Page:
For the most part, I think many knew that the animosity between Dwayne “The Rock” Johnson and John Cena before Wrestlemania 28 and 29 had a tinge of reality attached to it. It can’t be much of a surprise to fans, but there was never any real concrete proof, as with most things in the wrestling world.
M&F: So that was real. You’re telling me that’s real?
DJ: Yes, it was very real. When I came back, I needed something real to sink my teeth into, as a performer.
M&F: And why was that?
DJ: John had said some things in an interview that I took exception [in essence, that the Rock cared only about being an actor not about wrestling or WWE fans]. He felt they were okay, I felt that they weren’t okay. I also laughed it off years ago but it wasn’t until I came back and realized that the marquee match-up was going to be between he and I that I would take that edge that we had—and let’s use it. So, we don’t have to hang out, we don’t have to be best friends, we won’t be friends at all.
M&F: Well it worked, because I remember watching it and being like, ‘I think these guys really hate each other.’ I just couldn’t separate it and it was really hard to figure out, and it was awesome to watch for that reason.
DJ: It got really uncomfortable for a lot of people. And it gets uncomfortable for the fans–that they sense something. But then when it gets uncomfortable for the wrestlers and to the executives and the company, then it’s something special.
M&F: Did it get there?
DJ: Right away. And it continued to build. And what happens in wrestling is anybody who is in a feud and anybody who is in a match, everybody knows what everybody is going say. In this case, we approached it differently.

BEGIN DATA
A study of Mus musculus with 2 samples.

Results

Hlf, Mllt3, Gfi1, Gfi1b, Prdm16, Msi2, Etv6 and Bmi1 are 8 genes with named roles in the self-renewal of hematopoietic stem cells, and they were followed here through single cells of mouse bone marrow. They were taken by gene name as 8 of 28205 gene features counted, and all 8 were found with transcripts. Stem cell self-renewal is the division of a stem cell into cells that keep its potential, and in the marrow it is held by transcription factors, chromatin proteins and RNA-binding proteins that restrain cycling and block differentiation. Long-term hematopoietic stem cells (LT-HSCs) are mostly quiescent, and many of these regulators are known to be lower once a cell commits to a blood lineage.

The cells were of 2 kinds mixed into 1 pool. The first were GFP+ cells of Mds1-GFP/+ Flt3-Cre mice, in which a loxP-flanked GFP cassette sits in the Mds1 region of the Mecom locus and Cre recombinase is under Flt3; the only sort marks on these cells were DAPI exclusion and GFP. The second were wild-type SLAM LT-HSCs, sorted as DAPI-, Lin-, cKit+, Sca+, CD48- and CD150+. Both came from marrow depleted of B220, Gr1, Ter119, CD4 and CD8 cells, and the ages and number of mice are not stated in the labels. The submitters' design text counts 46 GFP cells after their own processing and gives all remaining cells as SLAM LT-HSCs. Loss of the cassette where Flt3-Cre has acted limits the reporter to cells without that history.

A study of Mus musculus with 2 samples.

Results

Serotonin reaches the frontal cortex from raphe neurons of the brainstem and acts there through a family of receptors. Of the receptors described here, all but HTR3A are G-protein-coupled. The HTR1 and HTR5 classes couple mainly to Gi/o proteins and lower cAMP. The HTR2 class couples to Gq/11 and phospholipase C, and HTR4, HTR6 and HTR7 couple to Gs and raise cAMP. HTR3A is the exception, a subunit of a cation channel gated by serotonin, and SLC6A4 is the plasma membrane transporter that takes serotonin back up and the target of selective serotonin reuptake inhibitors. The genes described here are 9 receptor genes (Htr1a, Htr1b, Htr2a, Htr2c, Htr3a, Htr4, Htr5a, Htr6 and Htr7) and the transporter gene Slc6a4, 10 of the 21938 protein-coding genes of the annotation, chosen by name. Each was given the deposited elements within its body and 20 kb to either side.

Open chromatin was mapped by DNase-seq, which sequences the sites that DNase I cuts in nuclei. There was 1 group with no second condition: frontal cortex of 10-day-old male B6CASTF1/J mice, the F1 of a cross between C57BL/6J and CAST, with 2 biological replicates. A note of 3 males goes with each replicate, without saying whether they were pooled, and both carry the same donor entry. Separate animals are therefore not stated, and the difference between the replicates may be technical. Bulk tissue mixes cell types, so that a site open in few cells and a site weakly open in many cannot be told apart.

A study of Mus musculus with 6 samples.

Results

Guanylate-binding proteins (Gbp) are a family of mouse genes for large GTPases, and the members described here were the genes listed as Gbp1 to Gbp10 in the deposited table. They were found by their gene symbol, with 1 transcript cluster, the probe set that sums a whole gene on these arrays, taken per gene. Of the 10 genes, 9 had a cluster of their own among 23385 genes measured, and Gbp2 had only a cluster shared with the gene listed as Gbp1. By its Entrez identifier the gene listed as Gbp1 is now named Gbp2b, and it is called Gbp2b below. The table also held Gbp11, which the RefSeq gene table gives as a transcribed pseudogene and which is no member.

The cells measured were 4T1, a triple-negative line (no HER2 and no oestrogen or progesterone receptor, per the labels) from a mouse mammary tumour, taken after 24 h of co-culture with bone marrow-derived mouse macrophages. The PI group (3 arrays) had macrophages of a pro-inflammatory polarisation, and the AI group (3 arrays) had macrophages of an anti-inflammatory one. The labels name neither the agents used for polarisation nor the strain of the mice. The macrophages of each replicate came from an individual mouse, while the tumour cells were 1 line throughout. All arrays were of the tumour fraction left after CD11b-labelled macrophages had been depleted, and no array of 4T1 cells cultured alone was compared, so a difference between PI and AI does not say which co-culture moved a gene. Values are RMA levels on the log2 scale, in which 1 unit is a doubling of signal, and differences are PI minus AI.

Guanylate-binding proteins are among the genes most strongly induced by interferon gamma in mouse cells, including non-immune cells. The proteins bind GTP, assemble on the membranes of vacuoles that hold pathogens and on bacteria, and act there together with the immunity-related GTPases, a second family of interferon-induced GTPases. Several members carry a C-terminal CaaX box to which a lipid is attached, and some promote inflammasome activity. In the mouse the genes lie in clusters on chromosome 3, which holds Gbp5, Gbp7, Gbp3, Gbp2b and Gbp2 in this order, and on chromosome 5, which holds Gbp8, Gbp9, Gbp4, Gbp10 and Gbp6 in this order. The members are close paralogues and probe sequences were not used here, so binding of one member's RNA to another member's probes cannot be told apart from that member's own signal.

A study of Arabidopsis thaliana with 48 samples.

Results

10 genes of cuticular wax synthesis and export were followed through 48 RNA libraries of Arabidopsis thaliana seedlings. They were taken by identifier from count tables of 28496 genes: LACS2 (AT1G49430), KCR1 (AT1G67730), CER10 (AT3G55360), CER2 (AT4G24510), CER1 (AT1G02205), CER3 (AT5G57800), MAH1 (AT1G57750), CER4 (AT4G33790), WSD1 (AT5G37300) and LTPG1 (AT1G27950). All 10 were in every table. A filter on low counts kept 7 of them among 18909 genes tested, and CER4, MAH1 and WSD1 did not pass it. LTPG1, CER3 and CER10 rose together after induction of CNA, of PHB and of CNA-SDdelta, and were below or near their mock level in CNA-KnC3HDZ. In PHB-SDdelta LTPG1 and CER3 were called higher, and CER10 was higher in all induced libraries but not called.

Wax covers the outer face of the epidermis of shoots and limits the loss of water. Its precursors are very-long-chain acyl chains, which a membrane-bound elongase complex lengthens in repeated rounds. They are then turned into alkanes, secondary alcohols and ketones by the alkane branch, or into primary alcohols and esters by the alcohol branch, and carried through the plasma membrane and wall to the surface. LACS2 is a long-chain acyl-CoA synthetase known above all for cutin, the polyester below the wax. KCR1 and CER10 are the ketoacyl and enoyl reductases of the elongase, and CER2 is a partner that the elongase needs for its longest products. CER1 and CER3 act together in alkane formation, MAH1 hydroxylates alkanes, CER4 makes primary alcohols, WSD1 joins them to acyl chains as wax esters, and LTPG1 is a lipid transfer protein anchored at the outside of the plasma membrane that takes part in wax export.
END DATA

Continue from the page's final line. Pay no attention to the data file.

I’d say ‘John, here’s what I’m going to say tonight: Go f*ck yourself.’ He’d say, ‘Well, here’s going to be my response: F*ck you too.’ I mean, it was like that. And it was palpable for the fans, and it was palpable backstage. And I would never be like that under any other circumstance. I’m collaborative with everyone I work with. And I take a lot of pride in that, and you know something? So is John. He’s a great guy. He’s one of the best guys out there, but here’s what we realized: If we wanted to build the two biggest matchups back-to-back and create something special in Miami and in New York, we’re going to do it this way. And we might fail miserably at it. People might think it’s not real or you run into the challenge of the potential for people to go, ‘It’s so real that it’s not real.’ But in this case it worked out very well and through all that edge and attitude and bite that we had and nearly coming to blows backstage and one night in the ring—literally we were nose-to-nose, it was any second. And through that in a crazy, weird completely unexplained way, we became great buds.
Now sure, this could all be some sort of work for The Rock to return and defend his new buddy against Brock Lesnar. He even goes right into wanting to get back into the ring immediately in the interview. But it’s also a question I’m sure he gets all the time. So who knows.
I would go more towards it being true. There seems to be that kind of mentality towards the wrestlers that manage to “turn their back” on the business. I can’t speak from my experience obviously, but you read the reports on people like CM Punk and Batsita and it kinda shows a split in opinion. Common sense would point to that in any job that you feel you’re working hard to maintain. Why does someone else deserve the praise.
The entire interview is worth a look and Johnson talks about his toughest opponents (not John Cena), his role as Hercules, and the prospects of his involvement in an Expendables movie.